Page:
Hitting the Reset Button 

Hales Pulls Back Warehouse Offer for Right 2 Dream Too

CHARLIE HALES had practically donned a cape and tights. The mayor's self-imposed deadline for ending a fight over Right 2 Dream Too's move from Old Town was nigh, and his staff had called reporters to heroically pitch his solution.

Hales, without buy-in from those residing in the Old Town homeless rest area he was trying to help, had gone in hot and heavy for an empty warehouse on NW Hoyt. With a little work, Hales cheerily figured, and with the city paying the rent for the next 15 months, he'd settled on a compromise no one could refuse.

Until, that is, last Thursday, January 9. Amid stalling negotiations with Right 2 Dream Too (R2DToo), Hales' office announced it was pulling the plug. R2DToo will stay on the vacant land it's been leasing for more than two years while the search for a new home continues.

"We're continuing to look," Josh Alpert, one of Hales' senior policy directors, told the Mercury. "Right 2 Dream is looking, too."

Beyond continued resistance from R2DToo, whose model is based on being outside with low-cost tents, Hales had balked at the $335,000 rough cost of renovating the warehouse. More nettlesome, his office acknowledged, were zoning challenges that could have kept R2DToo out of the site until deep into the summer. The Hoyt warehouse, it turns out, is too close to another mass shelter, the multimillion-dollar Bud Clark Commons.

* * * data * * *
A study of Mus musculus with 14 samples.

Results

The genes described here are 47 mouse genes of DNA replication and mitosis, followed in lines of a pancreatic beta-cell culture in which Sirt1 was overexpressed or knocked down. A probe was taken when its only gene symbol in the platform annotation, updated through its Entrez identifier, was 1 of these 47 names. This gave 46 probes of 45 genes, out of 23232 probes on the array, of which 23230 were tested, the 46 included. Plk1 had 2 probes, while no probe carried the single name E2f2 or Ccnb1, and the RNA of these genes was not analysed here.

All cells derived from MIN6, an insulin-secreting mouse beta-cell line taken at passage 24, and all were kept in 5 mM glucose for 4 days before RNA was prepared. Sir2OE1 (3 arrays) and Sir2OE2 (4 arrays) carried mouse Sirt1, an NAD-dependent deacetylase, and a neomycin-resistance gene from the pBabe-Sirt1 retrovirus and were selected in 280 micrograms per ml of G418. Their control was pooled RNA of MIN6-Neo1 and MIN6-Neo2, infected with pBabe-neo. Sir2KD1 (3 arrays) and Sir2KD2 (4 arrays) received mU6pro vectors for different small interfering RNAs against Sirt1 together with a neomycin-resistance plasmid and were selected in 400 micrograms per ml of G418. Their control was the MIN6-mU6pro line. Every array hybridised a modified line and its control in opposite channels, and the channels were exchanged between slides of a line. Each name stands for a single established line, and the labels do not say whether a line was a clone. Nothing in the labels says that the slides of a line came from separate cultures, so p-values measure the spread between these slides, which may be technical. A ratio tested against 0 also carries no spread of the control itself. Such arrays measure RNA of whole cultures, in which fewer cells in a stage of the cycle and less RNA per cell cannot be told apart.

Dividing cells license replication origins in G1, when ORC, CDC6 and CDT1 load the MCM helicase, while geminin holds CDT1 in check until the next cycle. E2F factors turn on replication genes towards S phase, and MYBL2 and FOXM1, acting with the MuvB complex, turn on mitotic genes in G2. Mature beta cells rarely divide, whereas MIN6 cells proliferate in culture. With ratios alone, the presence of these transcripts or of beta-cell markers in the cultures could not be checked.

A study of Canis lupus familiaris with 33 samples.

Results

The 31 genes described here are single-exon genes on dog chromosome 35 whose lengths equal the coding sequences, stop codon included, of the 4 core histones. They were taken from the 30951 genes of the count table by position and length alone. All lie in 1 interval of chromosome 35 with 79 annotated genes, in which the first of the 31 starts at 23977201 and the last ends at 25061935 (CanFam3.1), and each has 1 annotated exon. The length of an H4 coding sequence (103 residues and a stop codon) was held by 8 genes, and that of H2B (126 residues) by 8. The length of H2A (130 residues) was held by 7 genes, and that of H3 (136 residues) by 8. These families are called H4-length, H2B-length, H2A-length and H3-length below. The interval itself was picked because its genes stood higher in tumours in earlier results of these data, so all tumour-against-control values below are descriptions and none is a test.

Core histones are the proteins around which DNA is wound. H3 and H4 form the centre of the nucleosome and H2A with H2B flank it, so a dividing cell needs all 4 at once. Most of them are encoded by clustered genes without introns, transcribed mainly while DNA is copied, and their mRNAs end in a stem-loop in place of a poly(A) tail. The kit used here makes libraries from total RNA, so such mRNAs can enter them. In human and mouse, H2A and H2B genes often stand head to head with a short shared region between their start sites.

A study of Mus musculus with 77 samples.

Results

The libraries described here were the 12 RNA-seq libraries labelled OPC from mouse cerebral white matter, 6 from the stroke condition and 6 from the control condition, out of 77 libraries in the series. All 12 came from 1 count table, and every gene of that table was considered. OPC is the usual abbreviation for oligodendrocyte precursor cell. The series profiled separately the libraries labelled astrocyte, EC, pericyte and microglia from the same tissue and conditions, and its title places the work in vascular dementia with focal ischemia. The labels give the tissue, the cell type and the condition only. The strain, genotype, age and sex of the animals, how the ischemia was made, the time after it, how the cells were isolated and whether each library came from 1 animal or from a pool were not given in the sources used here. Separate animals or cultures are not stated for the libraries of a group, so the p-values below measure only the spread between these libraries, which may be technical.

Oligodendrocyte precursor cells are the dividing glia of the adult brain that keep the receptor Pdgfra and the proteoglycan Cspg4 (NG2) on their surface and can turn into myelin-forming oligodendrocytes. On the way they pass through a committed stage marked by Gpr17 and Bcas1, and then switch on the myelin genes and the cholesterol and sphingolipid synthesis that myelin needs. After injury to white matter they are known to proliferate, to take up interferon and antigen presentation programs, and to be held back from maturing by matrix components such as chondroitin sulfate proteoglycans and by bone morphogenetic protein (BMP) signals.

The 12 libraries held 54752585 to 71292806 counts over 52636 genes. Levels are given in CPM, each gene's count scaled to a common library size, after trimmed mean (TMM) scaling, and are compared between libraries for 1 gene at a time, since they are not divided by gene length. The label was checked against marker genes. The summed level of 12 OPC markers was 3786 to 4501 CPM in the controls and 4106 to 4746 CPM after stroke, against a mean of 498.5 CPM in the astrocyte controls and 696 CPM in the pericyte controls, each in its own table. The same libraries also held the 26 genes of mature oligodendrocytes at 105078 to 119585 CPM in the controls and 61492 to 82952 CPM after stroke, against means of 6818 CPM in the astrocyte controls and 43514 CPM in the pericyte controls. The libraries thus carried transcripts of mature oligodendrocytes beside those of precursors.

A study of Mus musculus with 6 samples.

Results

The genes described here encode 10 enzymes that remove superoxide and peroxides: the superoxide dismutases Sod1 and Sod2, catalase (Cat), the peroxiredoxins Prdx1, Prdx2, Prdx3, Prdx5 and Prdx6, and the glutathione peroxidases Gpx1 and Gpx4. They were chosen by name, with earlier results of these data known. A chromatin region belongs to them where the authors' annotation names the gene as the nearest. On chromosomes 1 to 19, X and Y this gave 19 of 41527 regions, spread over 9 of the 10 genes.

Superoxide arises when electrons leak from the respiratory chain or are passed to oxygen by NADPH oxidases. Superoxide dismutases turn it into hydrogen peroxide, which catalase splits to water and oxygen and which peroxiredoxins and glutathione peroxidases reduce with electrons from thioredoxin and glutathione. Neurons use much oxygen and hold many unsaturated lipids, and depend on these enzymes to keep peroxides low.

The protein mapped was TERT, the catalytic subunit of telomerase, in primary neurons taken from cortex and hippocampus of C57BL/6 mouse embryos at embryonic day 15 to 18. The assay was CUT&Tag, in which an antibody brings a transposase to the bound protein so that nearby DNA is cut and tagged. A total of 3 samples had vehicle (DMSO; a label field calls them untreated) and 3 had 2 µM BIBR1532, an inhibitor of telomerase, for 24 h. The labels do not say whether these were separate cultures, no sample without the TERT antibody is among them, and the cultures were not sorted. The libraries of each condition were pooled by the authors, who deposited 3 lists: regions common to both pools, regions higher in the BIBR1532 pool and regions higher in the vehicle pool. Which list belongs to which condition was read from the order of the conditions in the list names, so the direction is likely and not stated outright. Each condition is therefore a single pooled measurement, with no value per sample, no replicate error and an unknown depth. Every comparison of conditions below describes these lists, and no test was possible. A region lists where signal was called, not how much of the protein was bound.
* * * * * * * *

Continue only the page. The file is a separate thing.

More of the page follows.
The decision amounts to an uneasy armistice in a frustrating and contentious issue. Hales' office stepped in last fall after Pearl District developers and neighbors flooded city hall with complaints over a relocation plan previously worked out with Commissioner Amanda Fritz.

Fritz, settling a code-enforcement lawsuit filed by R2DToo, worked with Hales and the Portland Development Commission to promise a city-owned lot beneath the Lovejoy ramp of the Broadway Bridge. That agreement also wiped away more than $20,000 in code fines for R2DToo.

Tensions, building for weeks in private meetings, frothed over publicly the day before the Hoyt warehouse was pulled off table. Members of R2DToo confronted Hales during a city council meeting about what they felt was a lack of communication. A heated conversation followed up in Hales' warren of offices in city hall.

"We stormed his office," says Ibrahim Mubarak, a co-founder of R2DToo. "We threatened to bring houseless people into city hall."

Alpert, when speaking with the Mercury, acknowledged that communication has been a sore spot. And he took pains to sound a more conciliatory tone.

"Right 2 Dream needs to be part of that conversation and join in that search," Alpert says.

Mark Kramer, R2DToo's lawyer, confirmed the continued hunt for a location. But Kramer also believes the city's promise of the Lovejoy lot remains valid.

Pearl developers Dike Dame and Homer Williams have since offered to buy that lot, a revelation first reported by the Mercury. The Portland Development Commission, which owns the lot, has ordered up an appraisal, and Fritz and Alpert confirm the city is hoping to use the potential proceeds for R2DToo's relocation.

R2DToo's also in line to receive a substantial anonymous donation, the Mercury has learned, managed by Stephen Janik of prominent land-use law firm Ball Janik. Neither Fritz nor Alpert would comment when asked if the money is coming from the Pearl group. R2DToo wants to use some of that money to pay its current landlord, Michael Wright.

"If we can't talk together, instead of them dictating to us, it's not going to work," Mubarak says. "That was the promise, working with us, side by side."